By Tina V. Bryson
And then there was light. For Brenda and her granddaughter, they had no electricity or running water in their bathroom since the floods of July 2022. But through strategic partnerships and committed volunteers, Christian Appalachian Project (CAP) was able to help this family that had fallen through the cracks.
“I promised him I’d take care of her,” said Brenda, who is raising her teenage granddaughter after her son passed away from cancer.
The night of the flood they were awakened at 1 a.m. and found water rising toward their home from the creek bed. Soon, the water rushed under her home and demolished everything in its path including her electricity and water in the entire home for five weeks. After water was restored, debris in the lines destroyed her hot water heater, as well as her washer and dryer.
Brenda had been a counselor and a case manager at a maximum-security women’s prison for more than 20 years. She had a double major in college in social work and criminology so that she could help people in the community struggling with the impacts of substance abuse. “I was no different than those prisoners except I chose a different path,” she said. “It made me realize how much I took for granted. It completely changed me.”
Brenda continued, wiping tears from her eyes, “Asking you all for help was hard for me. Because I sent people to you all, but now I’m on the other side of the fence. It’s hard to ask for help when you have helped so many people in your own life.”
Through the generous support of donors nationwide, CAP committed to helping 100 families get back into homes that were safe, warm, and dry. CAP is partnering with Knott County Long-Term Recovery to assist families like Brenda’s that were still on their waiting list. Iowa Amish volunteers provided the labor and repaired Brenda’s home in just three days marking the 100th home completed during CAP’s disaster response. CAP will be working with Knott County to assist with an additional 10 homes that still need repairs.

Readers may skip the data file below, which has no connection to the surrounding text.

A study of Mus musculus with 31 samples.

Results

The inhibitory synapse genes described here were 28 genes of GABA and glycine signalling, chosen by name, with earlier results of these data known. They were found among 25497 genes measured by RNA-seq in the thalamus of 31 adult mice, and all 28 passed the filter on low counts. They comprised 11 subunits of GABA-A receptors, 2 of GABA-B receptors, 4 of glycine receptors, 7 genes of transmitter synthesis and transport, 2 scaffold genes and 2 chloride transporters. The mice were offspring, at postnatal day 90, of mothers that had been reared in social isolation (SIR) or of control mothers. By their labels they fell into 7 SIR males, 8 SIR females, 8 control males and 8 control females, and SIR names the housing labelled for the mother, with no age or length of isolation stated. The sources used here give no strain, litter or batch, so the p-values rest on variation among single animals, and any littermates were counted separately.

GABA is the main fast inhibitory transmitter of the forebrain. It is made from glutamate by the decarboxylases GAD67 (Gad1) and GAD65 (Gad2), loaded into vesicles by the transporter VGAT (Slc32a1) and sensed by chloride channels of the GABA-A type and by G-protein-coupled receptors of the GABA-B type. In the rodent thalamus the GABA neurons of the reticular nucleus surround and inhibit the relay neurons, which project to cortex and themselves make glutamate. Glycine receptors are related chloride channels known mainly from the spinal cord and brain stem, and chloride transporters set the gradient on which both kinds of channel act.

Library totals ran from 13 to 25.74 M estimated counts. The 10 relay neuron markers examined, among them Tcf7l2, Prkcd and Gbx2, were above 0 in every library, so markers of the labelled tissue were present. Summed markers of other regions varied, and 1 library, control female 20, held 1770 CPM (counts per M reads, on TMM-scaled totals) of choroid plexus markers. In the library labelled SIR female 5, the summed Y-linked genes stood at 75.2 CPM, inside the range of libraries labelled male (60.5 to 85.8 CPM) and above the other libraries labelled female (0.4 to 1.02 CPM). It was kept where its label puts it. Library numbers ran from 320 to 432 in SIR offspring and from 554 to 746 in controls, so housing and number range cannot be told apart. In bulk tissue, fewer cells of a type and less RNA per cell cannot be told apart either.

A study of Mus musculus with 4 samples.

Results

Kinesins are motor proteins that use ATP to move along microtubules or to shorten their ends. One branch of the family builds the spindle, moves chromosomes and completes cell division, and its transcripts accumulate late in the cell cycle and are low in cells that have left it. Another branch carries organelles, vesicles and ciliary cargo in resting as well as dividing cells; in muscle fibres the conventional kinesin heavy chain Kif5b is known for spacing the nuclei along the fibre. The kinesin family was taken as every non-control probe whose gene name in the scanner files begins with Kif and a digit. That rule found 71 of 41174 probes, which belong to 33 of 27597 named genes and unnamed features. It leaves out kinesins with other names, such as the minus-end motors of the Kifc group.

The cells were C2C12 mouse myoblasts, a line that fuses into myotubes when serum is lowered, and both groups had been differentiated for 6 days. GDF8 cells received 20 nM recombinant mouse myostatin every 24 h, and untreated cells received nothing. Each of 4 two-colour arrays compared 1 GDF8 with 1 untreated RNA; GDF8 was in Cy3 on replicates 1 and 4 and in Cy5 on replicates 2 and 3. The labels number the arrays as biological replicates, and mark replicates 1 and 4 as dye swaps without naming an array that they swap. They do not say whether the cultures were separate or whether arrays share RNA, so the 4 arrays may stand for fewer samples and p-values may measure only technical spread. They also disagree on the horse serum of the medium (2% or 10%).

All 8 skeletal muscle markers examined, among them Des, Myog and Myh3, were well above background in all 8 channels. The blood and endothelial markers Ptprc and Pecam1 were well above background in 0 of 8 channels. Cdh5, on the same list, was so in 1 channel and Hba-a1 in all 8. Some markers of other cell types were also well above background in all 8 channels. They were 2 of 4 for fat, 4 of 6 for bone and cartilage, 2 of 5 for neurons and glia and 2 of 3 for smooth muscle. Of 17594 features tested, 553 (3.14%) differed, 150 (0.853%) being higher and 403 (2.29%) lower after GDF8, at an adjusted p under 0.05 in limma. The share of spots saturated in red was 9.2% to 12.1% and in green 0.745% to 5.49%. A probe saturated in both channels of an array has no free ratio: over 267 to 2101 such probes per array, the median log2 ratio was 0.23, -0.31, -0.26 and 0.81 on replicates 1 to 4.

Scott Dale, a CAP Home Repair crew leader, oversaw the replacement of floor joists, subfloor, and water heater. In addition, volunteers built a wheelchair accessible ramp to help Brenda who suffered debilitating injuries following a near fatal car accident. They also patched her roof, replaced the floorboards on the back porch, and repaired the back steps which had crumbled under floodwaters.
“It felt good to be able to help,” Dale said. “It’s simple things that we take for granted like being able to wash your hands or your face in the bathroom sink or flipping the switch and you have lights. Makes you more grateful.”
Dale, whose grandparents helped raise him, felt a special connection to Brenda and her family. “It hit home for me. My grandparents took care of me. I am grateful to be able to help someone like Brenda who is talking care of her granddaughter.”
Brenda closed, “I told myself when I lost my son that there is nothing in this house that cannot be bought back, but I can’t bring him back. So, it has changed how I look at things. This house, my Daddy built. And watching them repair it has been hard for me because they are taking up the last thing I have that’s his. I can buy another house, but I can’t buy back Daddy’s house. But I am very grateful for the help.”